The U.S. House of Representatives passed H.R. 485, the Protecting Health Care for All Patients Act, this week. The bill would prohibit federally-funded healthcare programs from using the Quality Adjusted Life Year to determine pricing and reimbursement of healthcare services and technologies, including prescription drugs. Effectively, this would extend the ban on the use of QALYs by government-funded healthcare programs to include Medicaid, the Veterans Affairs Administration and the Federal Employees Health Benefits Program.
According to the U.S.-based Institute for Clinical and Economic Review, the QALY measures how well different kinds of medical treatments extend lives or improve patients’ quality of life. As a composite measure of both quantity and quality of life it enables comparisons across disease states and treatments.
When combined with the costs associated with healthcare interventions, the QALY can be used to assess their relative worth from an economic perspective.
A main sponsor of the bill, Representative Cathy McMorris Rodgers (R-WA), has repeatedly warned of the potential for QALY-based approaches to evaluate medical technologies to discriminate and lead health insurers to deny care to persons with disabilities. In her view, QALYs inherently place a lower value on years of life gained by older people and those who live with disabling conditions. On her government website she writes: “All lives are worth living. It’s unconscionable that a healthcare bureaucracy would so callously determine that someone’s life is worth less. They deserve every chance to have hope and reach their full potential. The ‘quality-adjusted life years’ measurement is used to discriminate against people with chronic illnesses and disabilities, like cystic fibrosis, ALS, or Down syndrome, putting them at the back of the line for treatment.”
Other critics of the QALY maintain it is discriminatory and that there’s been bipartisan agreement on this for quite some time. So, while the vote to pass the Act in question was on (Republican) party lines, they point to the fact that the Democrat-led Affordable Care Act banned Medicare from using QALYs as a “threshold” measure to determine coverage and reimbursement. In addition, recent guidance published by the Centers for Medicare and Medicaid Services specifically acknowledges that the agency is subject to “nondiscrimination provisions in Medicare” through both the ACA and the Inflation Reduction Act, which was also passed on (Democratic) party lines.
The legislation which the House voted on has the support of top Republicans on the Senate Finance Committee. It stands a reasonable chance of passage in the Senate.
According to Harvard University researchers, however, the bill fundamentally misunderstands QALYs and how they’re used. Moreover, the broad language of the proposed law threatens the entire enterprise of comparative effectiveness research. Such research generates and synthesizes evidence to compare the benefits and harms of medical interventions to prevent, diagnose and treat a disease or condition. The QALY fits under the rubric of comparative effectiveness research and is in fact a widely prevalent measure of benefit used in cost-effectiveness analysis worldwide.
H.R. 485 aims to outlaw the use of QALYs and “similar measures.” It’s unclear what the latter phrase precisely means. But the QALY shares a lot in common with other measures that are in routine usage around the globe. In turn, this could imply that they, too, would be prohibited. This includes several Healthy Life Year Equivalent approaches to measure the loss of healthy life from disease and the gain from interventions.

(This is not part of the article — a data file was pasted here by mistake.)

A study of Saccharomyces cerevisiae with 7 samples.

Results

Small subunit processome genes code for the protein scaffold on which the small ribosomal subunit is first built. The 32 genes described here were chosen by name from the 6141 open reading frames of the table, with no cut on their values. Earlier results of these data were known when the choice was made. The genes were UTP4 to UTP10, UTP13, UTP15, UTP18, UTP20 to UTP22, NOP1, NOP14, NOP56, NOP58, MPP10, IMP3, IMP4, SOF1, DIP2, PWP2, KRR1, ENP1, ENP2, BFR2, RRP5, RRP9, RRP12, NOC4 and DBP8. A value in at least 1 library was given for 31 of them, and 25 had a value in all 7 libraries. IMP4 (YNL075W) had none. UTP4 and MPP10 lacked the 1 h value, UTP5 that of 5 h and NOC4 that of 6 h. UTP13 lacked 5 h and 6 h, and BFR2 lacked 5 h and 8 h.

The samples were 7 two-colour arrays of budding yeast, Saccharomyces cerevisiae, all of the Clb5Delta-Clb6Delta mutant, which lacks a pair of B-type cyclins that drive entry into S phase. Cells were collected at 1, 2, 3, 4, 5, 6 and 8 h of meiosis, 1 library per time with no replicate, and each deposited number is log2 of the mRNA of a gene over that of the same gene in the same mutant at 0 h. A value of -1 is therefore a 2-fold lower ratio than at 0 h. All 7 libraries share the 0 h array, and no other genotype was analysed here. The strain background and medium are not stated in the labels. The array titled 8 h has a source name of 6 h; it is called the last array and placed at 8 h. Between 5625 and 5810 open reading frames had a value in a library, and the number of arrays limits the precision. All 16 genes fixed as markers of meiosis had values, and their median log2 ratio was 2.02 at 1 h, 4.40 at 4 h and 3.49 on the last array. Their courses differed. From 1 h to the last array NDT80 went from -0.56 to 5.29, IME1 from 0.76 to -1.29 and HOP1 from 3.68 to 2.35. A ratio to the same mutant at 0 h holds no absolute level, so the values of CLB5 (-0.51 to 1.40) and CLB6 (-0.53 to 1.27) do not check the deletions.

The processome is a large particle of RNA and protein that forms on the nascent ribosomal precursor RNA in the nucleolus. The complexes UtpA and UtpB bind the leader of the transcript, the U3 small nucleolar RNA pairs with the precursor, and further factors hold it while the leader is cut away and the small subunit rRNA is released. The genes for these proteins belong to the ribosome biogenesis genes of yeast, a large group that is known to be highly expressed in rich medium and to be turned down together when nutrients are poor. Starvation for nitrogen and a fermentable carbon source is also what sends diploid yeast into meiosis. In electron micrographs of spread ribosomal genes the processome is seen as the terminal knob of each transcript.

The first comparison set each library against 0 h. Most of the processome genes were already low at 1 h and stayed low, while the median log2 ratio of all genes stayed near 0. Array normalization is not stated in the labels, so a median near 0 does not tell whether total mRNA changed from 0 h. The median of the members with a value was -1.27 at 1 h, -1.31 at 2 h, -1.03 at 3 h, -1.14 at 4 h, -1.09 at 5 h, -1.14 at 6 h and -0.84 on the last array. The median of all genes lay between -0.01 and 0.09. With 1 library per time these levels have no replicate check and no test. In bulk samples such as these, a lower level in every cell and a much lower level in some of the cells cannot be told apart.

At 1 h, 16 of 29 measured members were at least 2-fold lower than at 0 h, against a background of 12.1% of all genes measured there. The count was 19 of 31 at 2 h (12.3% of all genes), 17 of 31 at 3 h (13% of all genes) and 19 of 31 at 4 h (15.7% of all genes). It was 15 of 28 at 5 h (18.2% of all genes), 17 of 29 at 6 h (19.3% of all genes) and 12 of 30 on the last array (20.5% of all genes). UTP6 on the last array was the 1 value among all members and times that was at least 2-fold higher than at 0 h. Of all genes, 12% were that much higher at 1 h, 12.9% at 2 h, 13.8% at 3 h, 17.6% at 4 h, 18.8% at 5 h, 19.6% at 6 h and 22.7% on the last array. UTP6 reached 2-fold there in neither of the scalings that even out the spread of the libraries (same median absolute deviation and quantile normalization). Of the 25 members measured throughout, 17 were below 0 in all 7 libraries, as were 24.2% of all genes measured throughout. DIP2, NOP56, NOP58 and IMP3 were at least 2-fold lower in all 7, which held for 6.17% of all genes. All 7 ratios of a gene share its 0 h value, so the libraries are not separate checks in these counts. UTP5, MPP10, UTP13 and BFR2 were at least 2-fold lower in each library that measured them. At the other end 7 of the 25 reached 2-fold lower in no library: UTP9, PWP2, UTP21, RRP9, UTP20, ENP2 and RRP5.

Furthermore, contrary to how the law appears to be written, cost-effectiveness analysis, such as cost-per-QALY, is rarely the decisive factor in decision-making on coverage and pricing determinations. It’s merely one input. Policymakers, insurers and other interested parties also consider other criteria, including the availability of alternative therapies and benefits and risks of care that are not easily quantified.
Also, Cohen, Neumann and Ollendorf state that by placing greater value on life years with improved quality, the “QALY rewards healthcare that improves functioning, reduces pain, and helps people with serious and disabling conditions reengage in work and other activities.” They go on to reiterate that the QALY is a “measure of the health gains of treatments, not a measure of the value of people.”
As a concept the QALY can indeed accommodate some of the issues cited by critics, including being able to account for severity of disease. Alternatively, there are methods such as the equal value life-year gained, that can be employed to place the same value on additional years of life across diseases and populations.
This raises the question, would lawmakers interpreting the bill identify the evLYG approach as a “similar measure” and therefore reject its use out of hand.
The larger point is that in the face of scarce resources hard decisions must be made by healthcare policymakers. One can’t spend the same healthcare dollar twice, which means that policymakers must make each dollar go as far as it can in terms of producing health outcomes for the population as a whole.
Preferably their decisions on how to allocate such dollars are informed by robust evidence that lays out the benefits and harms of medical interventions.
Whether the bill gets enacted or not, policymakers will still need ways to measure the value of medical interventions under circumstances of finite resources. Otherwise, the system will revert to implicit ways of rationing, for instance, a person’s ability to pay or health insurance status. The problem is that implicit rationing, which is the default American way of allocating resources, is random, not evidence-based and invariably inequitable.